When CHED issued a statement asking UP Diliman to be mum on the censures being done to libraries, groups, and institutions, including my alma mater UP SLIS, were quick to react on the issue. I am also on the side of the conversation that libraries should not be censored, and I want to discuss what functions the library and archives still serve in this day and age of Google, so that we fully realize what this censorship is all about and what it results in.
One of the biggest issues that libraries are facing nowadays is relevance. Minus the students, researchers, and senior citizens who are loyal patrons, libraries have struggled to keep up with online search engines. With all the possible answers literally in the palm of one’s hand, there really is no need to go to a library and dredge their entire collection for a piece of information. There are even some instances that you might not find what you were looking for in a library.
To add, one of the biggest frustrations of professional librarians is the fact that to be one, we had to take a course dedicated to librarianship, but people don’t seem to understand that. I can imagine all the times we’ve been asked, “May ganoon pala na course?” and having to defend ourselves, saying, yes, we exist, and no we are not taught how many times we should ring the bell.
Most of my colleagues, being professional librarians and archivists, often say that information on the web can be unreliable, especially if said info is found on Wikipedia. I do fully not agree with this, since over the years there have been efforts to fact-check information found on the internet. Even trustworthy news outlets have changed their tactic to disseminating news content online. Also, libraries can also be susceptible to misinformation and even biased opinion. In visits to some libraries, one can find that some information can be outdated, especially when the library is underfunded due to lack of patronage or budget relevance.
This is not to say that libraries are on the verge of extinction. Libraries have begun to adopt technologies that help them in disseminating information quicker. They have also formed networks to bridge the gap in the lack of their own materials. Also, while I can proceed to use Google and fact-check sources, some communities cannot. We often forget that there are still communities that heavily rely on the physical library.
Additionally, not all information can be found on the web. I remember during one of my research projects where I served as an assistant, I could not fully find information on the accounts of the events leading to Martial Law until I turned to libraries and archives. Libraries and archives can be seen as storage facilities for history. Libraries and archives form a haven where these types of accounts can be preserved for generations that have yet to learn about them.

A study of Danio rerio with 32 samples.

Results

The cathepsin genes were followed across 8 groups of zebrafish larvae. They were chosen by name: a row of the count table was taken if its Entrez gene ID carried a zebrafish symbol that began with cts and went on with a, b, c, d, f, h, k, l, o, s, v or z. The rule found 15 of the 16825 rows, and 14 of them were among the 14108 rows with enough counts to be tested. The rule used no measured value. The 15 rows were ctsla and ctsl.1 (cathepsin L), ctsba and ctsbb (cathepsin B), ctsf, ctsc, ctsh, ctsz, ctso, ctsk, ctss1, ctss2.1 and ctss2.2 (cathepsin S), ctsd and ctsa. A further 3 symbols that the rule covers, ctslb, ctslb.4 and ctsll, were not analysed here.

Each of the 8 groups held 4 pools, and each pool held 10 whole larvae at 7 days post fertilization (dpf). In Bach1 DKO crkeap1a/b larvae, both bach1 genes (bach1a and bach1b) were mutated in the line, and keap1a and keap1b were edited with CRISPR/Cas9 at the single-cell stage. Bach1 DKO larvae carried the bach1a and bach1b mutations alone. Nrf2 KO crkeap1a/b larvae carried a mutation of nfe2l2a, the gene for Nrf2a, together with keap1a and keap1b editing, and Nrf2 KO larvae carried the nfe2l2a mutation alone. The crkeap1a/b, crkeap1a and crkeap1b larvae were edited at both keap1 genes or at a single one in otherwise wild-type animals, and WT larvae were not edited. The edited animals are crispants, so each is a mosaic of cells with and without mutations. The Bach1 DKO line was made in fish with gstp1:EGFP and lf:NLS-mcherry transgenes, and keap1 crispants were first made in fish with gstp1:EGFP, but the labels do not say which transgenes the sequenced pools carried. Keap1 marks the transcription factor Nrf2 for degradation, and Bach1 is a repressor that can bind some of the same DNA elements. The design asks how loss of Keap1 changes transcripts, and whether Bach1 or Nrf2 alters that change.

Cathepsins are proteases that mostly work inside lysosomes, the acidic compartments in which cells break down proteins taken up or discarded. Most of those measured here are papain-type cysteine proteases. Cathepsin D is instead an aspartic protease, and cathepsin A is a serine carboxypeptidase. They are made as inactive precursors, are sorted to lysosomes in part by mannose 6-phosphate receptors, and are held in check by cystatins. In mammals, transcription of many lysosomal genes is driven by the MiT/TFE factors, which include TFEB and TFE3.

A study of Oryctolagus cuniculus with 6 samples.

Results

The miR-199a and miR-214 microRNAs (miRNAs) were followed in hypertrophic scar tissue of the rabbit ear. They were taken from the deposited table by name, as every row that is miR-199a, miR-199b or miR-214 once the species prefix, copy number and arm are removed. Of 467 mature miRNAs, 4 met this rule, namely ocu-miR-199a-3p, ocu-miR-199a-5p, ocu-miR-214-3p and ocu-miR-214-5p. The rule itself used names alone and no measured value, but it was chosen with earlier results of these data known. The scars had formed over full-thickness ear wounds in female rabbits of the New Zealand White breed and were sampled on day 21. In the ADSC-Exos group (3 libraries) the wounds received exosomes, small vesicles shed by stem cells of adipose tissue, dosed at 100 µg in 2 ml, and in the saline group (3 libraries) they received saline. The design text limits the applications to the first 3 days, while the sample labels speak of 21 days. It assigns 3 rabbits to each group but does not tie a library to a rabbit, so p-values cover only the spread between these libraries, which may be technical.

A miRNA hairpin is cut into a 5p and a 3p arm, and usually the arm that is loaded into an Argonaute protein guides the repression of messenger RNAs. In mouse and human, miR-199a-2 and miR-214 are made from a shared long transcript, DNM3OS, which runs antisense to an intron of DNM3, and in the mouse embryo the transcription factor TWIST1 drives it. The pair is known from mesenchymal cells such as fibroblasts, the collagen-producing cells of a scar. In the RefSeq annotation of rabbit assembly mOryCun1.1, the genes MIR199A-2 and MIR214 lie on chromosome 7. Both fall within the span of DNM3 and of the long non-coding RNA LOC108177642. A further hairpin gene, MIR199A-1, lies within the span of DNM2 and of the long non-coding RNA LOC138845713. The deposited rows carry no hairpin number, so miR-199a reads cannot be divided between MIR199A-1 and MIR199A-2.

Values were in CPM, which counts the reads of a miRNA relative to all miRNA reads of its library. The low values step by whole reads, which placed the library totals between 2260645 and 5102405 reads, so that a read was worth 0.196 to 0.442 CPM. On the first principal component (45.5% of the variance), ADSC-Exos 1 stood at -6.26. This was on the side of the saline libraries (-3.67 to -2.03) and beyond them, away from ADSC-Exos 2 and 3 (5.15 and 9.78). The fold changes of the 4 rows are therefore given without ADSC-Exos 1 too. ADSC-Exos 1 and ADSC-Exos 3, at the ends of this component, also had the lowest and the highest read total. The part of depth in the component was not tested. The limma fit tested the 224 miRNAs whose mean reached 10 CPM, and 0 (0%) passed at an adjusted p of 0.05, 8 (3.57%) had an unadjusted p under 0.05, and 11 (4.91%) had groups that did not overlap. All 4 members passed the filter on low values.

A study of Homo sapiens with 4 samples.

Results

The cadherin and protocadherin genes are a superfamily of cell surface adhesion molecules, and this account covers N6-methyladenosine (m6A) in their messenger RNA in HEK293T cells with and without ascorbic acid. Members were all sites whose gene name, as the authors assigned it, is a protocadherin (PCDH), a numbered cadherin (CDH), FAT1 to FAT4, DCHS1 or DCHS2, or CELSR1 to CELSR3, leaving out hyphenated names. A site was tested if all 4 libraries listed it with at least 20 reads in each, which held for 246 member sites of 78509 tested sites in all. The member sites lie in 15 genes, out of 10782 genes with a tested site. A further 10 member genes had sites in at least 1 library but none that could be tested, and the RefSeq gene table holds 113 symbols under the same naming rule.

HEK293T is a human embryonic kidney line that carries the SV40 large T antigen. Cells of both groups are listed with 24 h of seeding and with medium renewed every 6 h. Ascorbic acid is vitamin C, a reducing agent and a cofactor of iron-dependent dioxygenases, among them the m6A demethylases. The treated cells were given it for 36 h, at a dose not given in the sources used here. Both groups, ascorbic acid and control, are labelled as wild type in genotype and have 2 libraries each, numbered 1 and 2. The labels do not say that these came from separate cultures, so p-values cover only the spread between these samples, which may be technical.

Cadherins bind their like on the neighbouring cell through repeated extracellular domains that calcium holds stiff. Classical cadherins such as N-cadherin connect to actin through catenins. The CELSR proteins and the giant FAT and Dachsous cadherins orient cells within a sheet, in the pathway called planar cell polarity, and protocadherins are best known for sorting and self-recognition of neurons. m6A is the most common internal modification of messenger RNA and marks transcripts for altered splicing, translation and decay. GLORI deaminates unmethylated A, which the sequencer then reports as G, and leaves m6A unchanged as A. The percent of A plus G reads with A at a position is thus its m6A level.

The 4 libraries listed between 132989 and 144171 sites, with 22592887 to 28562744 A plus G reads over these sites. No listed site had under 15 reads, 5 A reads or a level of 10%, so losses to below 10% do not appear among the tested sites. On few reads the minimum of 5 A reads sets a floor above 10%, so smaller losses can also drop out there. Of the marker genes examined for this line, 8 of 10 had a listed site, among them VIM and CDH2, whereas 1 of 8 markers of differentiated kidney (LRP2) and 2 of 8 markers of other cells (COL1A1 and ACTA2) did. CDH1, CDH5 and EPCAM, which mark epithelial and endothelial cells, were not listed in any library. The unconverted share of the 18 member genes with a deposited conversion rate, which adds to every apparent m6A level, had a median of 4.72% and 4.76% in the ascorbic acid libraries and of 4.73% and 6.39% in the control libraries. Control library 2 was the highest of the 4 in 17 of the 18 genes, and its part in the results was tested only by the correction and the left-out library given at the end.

Now that we have established that libraries and archives commit to the open access of information, our government, with its move to censor using the controversial NTF-ELCAC, has proven that they are fearful of an informed nation. While they state that those materials that they have censored were subversive and seem to back the communist agenda, it is not within their right to “weed out” the library as they see fit. The library does not intend to be malicious, but rather point out that all information is welcome. Libraries are non-partial and commit only to its role to safeguard information for generations to come.
Censoring a library only implies that we are not living in a democratic society, but a tyrannical one. What surprised me even more is the fact that CHED, a body responsible for the advancement and professional growth of the youth, had issued a statement that virtually translates: to let our libraries, and all that they stand for, die; that we should be bound to the will of the government even if it means doing the wrong thing. That is not what higher education is nor what it should stand for.
We should make a stand to protect our libraries even further. No default way to gathering information is perfect, but perhaps the biggest contribution that libraries have given us is the creation of a safe space for information. In libraries, we are given the opportunity to read and learn about all kinds, whether Left- or Right-leaning ideologies, and decide for ourselves what our opinions and reactions would be. The online social network can be a toxic way to discuss issues. But inside the library, we are left to our own devices – without hindrance nor fear, as it should be. – Rappler.com
Gillian Reyes is currently working as a freelance editor, writer, and consultant for various institutions. As a registered librarian, he aims to promote the importance and necessity of libraries and archives. Also, as a budding writer, he is interested in writing young adult and speculative fiction.